ALDS Game 2: Rays-Red Sox lineups


Rays:
LF David DeJesus
RF Wil Myers
1B James Loney
3B Evan Longoria
2B Ben Zobrist
CF Desmond Jennings
DH Delmon Young
SS Yunel Escobar
C Jose Molina

SP David Price

Joe Maddon’s lineup is similar to what we speculated this morning, as David DeJesus is playing left field and batting leadoff while Sean Rodriguez is on the bench. Meanwhile, Jose Molina is starting behind the plate over Jose Lobaton with Price on the mound. Everybody else is the same as Game 1, though Evan Longoria is the only one who is in the same spot in the lineup. It looks like Delmon Young has taken over as the regular DH, at least for now.

Red Sox:
CF Jacoby Ellsbury
RF Shane Victorino
2B Dustin Pedroia
DH David Ortiz
1B Mike Napoli
LF Jonny Gomes
3B Will Middlebrooks
SS Stephen Drew
C David Ross

SP John Lackey

As expected, Ross is catching Lackey rather than Jarrod Saltalamacchia. It makes sense with another left-hander going for the Rays. And while we’re talking about a small sample, Ross has homered in each game he has started against Price in each of the last two seasons. Red Sox manager John Farrell cited Ross’ rapport with Lackey when talking to Scott Lauber of the Boston Herald today, though he has only caught him twice this year. While Will Middlebrooks batted ninth in Game 1, he’ll hit seventh today. Otherwise, everything is the same as yesterday.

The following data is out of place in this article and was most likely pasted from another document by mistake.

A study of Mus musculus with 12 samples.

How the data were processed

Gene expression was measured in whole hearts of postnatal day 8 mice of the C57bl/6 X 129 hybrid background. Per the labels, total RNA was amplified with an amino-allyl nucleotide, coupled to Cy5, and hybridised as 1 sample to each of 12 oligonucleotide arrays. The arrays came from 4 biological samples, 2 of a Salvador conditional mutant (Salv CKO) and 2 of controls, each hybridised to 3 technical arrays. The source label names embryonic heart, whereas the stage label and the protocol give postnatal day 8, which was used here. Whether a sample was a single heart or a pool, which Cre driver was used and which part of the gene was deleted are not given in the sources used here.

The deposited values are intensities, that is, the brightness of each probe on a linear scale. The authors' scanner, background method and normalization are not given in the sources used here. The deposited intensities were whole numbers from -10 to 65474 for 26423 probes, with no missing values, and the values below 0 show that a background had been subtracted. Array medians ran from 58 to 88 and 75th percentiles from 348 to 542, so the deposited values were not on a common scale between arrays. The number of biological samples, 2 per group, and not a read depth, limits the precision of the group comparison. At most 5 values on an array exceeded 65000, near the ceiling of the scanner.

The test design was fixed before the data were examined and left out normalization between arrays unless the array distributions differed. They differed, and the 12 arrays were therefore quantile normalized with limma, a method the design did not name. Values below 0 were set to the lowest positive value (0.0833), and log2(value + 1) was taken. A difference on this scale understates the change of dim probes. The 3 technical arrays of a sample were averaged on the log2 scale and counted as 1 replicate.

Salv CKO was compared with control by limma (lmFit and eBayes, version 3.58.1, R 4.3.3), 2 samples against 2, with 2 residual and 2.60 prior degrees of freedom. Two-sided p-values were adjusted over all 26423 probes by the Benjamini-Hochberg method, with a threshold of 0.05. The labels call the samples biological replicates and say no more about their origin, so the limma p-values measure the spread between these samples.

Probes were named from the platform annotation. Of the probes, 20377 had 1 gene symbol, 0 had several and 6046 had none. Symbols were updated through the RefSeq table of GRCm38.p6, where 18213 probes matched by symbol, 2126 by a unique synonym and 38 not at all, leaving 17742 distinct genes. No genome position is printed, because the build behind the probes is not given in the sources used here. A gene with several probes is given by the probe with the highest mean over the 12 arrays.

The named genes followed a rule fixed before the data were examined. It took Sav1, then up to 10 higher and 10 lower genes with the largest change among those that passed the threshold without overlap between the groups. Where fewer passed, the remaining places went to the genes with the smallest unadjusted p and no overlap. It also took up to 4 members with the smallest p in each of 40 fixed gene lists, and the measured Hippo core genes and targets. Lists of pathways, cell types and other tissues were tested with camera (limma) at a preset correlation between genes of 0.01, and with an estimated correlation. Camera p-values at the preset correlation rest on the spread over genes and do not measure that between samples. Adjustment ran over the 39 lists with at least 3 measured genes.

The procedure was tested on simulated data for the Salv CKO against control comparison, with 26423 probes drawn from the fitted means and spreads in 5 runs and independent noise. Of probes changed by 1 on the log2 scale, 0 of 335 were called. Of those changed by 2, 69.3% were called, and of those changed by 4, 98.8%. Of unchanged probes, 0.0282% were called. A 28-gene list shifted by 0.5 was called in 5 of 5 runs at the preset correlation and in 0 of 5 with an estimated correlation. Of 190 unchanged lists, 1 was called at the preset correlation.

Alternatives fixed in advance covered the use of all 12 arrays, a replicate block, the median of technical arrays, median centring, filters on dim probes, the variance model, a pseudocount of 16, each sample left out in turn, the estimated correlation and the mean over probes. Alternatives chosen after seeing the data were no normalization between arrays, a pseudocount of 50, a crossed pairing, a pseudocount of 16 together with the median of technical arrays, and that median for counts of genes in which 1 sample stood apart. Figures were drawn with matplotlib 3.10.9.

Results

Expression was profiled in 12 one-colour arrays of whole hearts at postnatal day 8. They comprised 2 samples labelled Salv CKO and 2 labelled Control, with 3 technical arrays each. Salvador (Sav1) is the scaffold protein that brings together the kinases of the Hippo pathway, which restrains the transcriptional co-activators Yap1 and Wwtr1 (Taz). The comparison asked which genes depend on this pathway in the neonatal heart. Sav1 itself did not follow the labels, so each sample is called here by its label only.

Report: Mariners enter into a ballpark naming rights deal with T-Mobile


Brown reports that the deal will be around $3 million a year, which doesn’t seem like a whole lot. Then again, I have long been skeptical of how much naming rights actually bring back to the naming rights partner. That’s especially true when the partner is slapping its name on a ballpark that was known as something else beforehand. People tend to still use the old name and, I suspect, resent the new one a bit. Maybe that’s less the case when the park has only been known by corporate names, and no beloved traditional name is being displaced, but I still question if anyone really makes a single purchasing decision based on the name of a ballpark.

I know this much for sure, though: despite the relatively small cost of naming rights here, none of the most notable Seattle-based companies — which include Amazon, Starbucks, Nordstrom, Microsoft, Costco and Alaska Airlines — felt it was worth it. Possibly because they know people are gonna call the place “Safeco” for several years regardless.